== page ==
Lynne Featherstone MP writes…A great leap backwards for gay rights

Uganda’s new anti-homosexuality legislation is abhorrent. It imposes draconian penalties for repeat offences of homosexuality, so-called ‘aggravated’ homosexuality, same-sex marriage, attempting to commit homosexuality and for the loosely defined ‘promotion’ of homosexuality. This is nothing short of a great leap backward – not just for Uganda but for gay rights across Africa. I believe it marks a growing state-backed homophobic trend across the continent, one we cannot and should not ignore.

From Day 1 in my role as Africa minister at the Department for International Development (DFID), strengthening the department’s LGBT rights strategy has been one of my top priorities. I instructed every DFID country office in Africa to report back to me with details of their respective LGBT rights strategies, with proposals for doing more. The approach DFID has taken has been led by local gay campaigners in each country and, up until recently, they have asked that we take a subtle approach, raising our concerns only in private with their respective politicians. So, respecting their wishes, that is what I have done in African counties I’ve visited – raised my concerns behind closed doors with the Governments and privately met with local LGBT groups.

But this approach clearly didn’t work in Uganda. It failed to prevent new anti-gay legislation, and I fear it won’t deter similar legislation in other parts of Africa.

I will continue to do everything in my power to promote gay rights and equality – both at home and abroad. I’ve also invited Stonewall and the Kaleidoscope Trust to meet with me early next week to discuss how they and their international networks can help. We need to work closely together, jointly where possible, in defending and promoting human rights everywhere.

Because that is what this debate is about – not Western imperialism or Western impositions on African cultures, but the universal values of tolerance, love and mutual respect.

* Lynne Featherstone was the MP for Hornsey and Wood Green from 2005 to 2015, and served as a minister in both the Home Office and Department for International Development. She blogs at www.lynnefeatherstone.org.


  • I cannot agree more. Too long have we let ourselves get boxed into the position of treating LGBT rights as if it were somehow a special case, something strange and exotic that foreigners just wouldn’t understand. We’ve been so busy apologising to crooks and tyrants for fear of seeming “imperialistic” that we’ve lost sight of the millions of individuals who have been and will be tormented and crucified for the crime of being born the way they are. Politicians must understand that these are not special ‘Western’ values, and that we can no more tolerate repression against LGBT people than we tolerate repression against people because of their race. The same remedies should be sought against Uganda and countries with like laws as were sought against Rhodesia and apartheid-era South Africa — they should be treated as pariah states and sanctioned for it. How politicians and countries respond to this will reveal a great deal about whether they give anything more than lip service to human rights.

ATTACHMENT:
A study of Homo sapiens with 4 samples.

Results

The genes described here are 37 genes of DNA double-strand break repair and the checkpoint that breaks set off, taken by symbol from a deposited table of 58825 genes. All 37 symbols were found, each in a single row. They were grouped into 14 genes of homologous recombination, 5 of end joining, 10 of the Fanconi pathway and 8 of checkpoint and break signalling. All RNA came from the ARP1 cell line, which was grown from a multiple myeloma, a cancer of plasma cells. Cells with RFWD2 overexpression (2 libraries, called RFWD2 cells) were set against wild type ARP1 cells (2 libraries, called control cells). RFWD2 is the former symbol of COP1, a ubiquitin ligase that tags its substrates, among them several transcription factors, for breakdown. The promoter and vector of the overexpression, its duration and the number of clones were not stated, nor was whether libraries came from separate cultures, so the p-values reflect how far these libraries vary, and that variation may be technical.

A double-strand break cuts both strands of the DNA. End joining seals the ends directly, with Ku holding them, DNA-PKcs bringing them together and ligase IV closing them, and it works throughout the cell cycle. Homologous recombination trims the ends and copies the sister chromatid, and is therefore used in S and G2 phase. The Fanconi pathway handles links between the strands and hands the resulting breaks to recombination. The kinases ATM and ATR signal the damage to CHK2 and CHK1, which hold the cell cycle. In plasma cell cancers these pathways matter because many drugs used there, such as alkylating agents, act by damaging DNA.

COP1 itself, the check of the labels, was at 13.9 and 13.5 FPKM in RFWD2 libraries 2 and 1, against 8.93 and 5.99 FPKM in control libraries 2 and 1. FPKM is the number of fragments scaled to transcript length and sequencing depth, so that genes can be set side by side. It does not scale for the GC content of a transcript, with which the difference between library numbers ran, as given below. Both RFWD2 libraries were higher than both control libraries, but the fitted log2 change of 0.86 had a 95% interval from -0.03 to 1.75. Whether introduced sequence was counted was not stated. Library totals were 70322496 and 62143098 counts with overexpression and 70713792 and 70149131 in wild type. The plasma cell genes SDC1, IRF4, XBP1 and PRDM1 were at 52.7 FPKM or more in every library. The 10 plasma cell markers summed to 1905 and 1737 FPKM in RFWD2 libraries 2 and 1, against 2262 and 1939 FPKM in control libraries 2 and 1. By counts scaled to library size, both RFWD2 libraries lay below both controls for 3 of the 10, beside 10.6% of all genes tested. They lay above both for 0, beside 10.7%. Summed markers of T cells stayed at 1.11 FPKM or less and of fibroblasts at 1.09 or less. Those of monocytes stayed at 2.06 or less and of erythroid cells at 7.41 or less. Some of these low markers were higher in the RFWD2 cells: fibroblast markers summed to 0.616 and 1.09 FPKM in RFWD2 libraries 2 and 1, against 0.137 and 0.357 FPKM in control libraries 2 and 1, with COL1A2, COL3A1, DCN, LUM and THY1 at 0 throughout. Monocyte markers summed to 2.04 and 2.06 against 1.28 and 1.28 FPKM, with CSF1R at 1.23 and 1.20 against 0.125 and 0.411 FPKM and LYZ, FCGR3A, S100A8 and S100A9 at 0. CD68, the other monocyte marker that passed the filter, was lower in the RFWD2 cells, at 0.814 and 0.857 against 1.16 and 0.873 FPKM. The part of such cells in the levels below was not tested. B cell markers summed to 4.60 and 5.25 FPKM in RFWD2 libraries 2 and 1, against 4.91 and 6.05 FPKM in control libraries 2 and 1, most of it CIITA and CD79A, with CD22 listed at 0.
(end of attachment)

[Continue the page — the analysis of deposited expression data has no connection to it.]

• Stuart Mitchell 28th Feb '14 - 6:49pm

    “The same remedies should be sought against Uganda and countries with like laws as were sought against Rhodesia and apartheid-era South Africa — they should be treated as pariah states and sanctioned for it.”

    I’d agree with that. But sadly, such countries are more likely to be treated in the same way as those countries which have long practised gender-based discrimination i.e. allowed to get away with it. I never understood why we didn’t treat, say, Saudi Arabia the same way we treated South Africa.

  • I agree with Stuart. There’s no place in the 21st century for denying women the vote and other basic rights. Of course, the real reason Saudi Arabia gets away with these and other abuses is its control over world oil. Politicians are not sufficiently idealistic to do something on principle when they know the opposition and voters will punish them severely for an inevitable jump in petrol prices.

  • Andrew Colman 1st Mar '14 - 7:43am

    I don’t think the Ugandan people or government should be blamed for this, Religious facists from America have been stirring up hate see http://amanpour.blogs.cnn.com/2014/02/24/how-american-evangelicals-may-be-responsible-for-ugandas-anti-gay-law/. Uganda is a lovely people and a government keen on protecting its environment and R&D
    The religous facists spreading hate about homosexuals are not Christians, they are terrorists..

  • What about the LGBT campaign in Uganda was subtle? From the very visible protests by activists throughout the Western world the to the very public, very loud condemnation of the bill (now law) from Western leaders like Cameron and Obama, this was arguably the ONE human rights issue that the West actually spoke up publicly about. What other human rights issue has the UK threatened to cut aid over? In short, where’s the evidence of this subtly?